In Down and Out in Paris and London, George Orwell describes my Paris neighborhood as “a ravine of tall, leprous houses, lurching towards one another in queer attitudes, as though they had all been frozen in the act of collapse.” Orwell changed the street name to Rue du Coq d’Or. Take another look. It’s Rue Mouffetard, one of the oldest streets in Paris. It’s hardly a slum now, but many of Orwell’s memories, like the sour reek of the refuse-carts and drunken singing in the middle of the night, are vividly present today. I marvel at the fact that George Orwell once prowled the streets there, as did John Calvin and Rabelais before him.
“Poverty is what I am writing about,” Orwell explained in Down and Out in Paris and London, “and I had my first contact with poverty in this slum.” Here is chapter 1’s opening scene:
The rue du Coq d’Or, Paris, seven in the morning. A succession of
furious, choking yells from the street. Madame Monce, who kept the little
hotel opposite mine, had come out on to the pavement to address a lodger on the third floor. Her bare feet were stuck into sabots and her grey hair was streaming down.
MADAME MONCE: ‘SALOPE! SALOPE! How many times have I told you not tosquash bugs on the wallpaper? Do you think you’ve bought the hotel, eh? Whycan’t you throw them out of the window like everyone else? PUTAIN! SALOPE!’
THE WOMAN ON THE THIRD FLOOR: ‘VACHE!’
Thereupon a whole variegated chorus of yells, as windows were flung
open on every side and half the street joined in the quarrel. They shut up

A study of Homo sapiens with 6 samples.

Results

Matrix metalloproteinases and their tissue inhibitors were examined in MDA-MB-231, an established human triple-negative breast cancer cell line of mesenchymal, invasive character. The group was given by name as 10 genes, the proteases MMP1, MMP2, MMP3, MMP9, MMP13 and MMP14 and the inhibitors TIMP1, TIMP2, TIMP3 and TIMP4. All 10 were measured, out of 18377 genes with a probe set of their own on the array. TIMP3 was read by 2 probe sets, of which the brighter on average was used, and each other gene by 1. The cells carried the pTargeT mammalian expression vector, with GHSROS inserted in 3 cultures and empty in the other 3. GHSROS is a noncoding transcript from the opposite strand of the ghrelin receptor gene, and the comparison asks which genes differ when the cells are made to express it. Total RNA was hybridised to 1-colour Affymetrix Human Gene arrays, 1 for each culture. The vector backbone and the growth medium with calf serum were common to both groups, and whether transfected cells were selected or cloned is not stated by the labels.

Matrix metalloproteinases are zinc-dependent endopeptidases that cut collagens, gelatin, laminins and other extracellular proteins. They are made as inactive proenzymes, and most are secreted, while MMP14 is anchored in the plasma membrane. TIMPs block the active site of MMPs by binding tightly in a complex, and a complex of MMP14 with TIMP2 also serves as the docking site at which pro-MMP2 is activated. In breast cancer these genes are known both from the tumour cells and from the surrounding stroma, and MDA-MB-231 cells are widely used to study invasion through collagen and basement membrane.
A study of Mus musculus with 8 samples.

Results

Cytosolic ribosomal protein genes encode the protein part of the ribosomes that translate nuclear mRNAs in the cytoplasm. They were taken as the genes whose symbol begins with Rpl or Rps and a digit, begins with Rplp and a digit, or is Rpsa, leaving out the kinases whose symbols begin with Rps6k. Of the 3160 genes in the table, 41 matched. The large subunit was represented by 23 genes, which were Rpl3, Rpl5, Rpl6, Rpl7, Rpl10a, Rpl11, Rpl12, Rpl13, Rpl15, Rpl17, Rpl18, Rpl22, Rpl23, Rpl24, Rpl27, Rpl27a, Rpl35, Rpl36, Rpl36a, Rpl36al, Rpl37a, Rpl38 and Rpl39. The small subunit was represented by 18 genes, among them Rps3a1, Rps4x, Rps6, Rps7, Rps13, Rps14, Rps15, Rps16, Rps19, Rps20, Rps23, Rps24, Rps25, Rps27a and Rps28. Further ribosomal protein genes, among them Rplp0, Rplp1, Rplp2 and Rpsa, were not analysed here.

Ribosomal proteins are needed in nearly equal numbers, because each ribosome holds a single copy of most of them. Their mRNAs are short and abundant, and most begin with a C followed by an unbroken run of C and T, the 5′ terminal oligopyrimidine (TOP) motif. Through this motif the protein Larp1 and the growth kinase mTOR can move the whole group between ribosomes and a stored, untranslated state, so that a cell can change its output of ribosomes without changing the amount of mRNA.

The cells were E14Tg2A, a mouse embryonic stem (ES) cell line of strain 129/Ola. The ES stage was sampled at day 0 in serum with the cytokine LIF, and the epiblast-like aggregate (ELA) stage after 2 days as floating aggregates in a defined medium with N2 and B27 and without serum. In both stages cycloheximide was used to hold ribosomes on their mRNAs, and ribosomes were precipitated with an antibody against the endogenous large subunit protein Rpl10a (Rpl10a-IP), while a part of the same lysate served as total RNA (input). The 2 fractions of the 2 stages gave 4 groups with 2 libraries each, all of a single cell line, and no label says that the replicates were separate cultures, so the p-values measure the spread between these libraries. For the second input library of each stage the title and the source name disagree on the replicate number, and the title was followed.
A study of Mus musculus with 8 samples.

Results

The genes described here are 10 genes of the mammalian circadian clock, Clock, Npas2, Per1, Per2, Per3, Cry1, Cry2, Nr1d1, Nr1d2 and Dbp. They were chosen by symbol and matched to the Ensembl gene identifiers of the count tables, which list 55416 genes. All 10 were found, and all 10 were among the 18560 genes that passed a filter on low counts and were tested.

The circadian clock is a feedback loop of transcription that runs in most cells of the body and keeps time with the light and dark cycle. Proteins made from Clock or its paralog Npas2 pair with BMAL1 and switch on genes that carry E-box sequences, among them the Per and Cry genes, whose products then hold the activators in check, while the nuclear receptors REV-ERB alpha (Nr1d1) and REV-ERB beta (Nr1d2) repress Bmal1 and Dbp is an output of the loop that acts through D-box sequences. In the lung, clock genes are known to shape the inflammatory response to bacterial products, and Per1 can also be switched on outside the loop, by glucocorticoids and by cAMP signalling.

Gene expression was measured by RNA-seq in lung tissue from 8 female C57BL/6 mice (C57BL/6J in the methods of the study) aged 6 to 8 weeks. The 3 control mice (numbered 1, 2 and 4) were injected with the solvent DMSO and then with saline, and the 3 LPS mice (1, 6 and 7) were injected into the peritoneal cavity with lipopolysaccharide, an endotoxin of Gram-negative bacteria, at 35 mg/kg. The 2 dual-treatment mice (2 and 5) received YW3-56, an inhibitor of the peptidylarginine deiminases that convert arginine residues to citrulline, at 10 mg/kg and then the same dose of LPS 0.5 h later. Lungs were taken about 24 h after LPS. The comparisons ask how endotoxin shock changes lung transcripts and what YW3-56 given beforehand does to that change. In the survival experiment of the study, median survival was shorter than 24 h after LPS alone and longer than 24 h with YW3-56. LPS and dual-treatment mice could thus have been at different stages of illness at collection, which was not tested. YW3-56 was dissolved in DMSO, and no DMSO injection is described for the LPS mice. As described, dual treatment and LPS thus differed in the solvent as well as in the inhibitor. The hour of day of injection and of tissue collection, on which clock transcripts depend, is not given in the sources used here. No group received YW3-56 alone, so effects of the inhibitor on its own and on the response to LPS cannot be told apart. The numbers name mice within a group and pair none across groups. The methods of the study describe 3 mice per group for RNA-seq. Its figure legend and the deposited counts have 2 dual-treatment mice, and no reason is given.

abruptly ten minutes later, when a squadron of cavalry rode past and people stopped shouting to look at them.
I sketch this scene, just to convey something of the spirit of the rue
du Coq d’Or. Not that quarrels were the only thing that happened there–
but still, we seldom got through the morning without at least one outburst
of this description. Quarrels, and the desolate cries of street hawkers,
and the shouts of children chasing orange-peel over the cobbles, and at
night loud singing and the sour reek of the refuse-carts, made up the
atmosphere of the street.
It was a very narrow street–a ravine of tall, leprous houses,
lurching towards one another in queer attitudes, as though they had all
been frozen in the act of collapse. All the houses were hotels and packed
to the tiles with lodgers, mostly Poles, Arabs and Italians. At the foot of
the hotels were tiny BISTROs, where you could be drunk for the equivalent
of a shilling. On Saturday nights about a third of the male population of
the quarter was drunk. There was fighting over women, and the Arab navvies who lived in the cheapest hotels used to conduct mysterious feuds, and fight them out with chairs and occasionally revolvers. At night the policemen would only come through the street two together. It was a fairly rackety place. And yet amid the noise and dirt lived the usual respectable
French shopkeepers, bakers and laundresses and the like, keeping themselves to themselves and quietly piling up small fortunes. It was quite a representative Paris slum.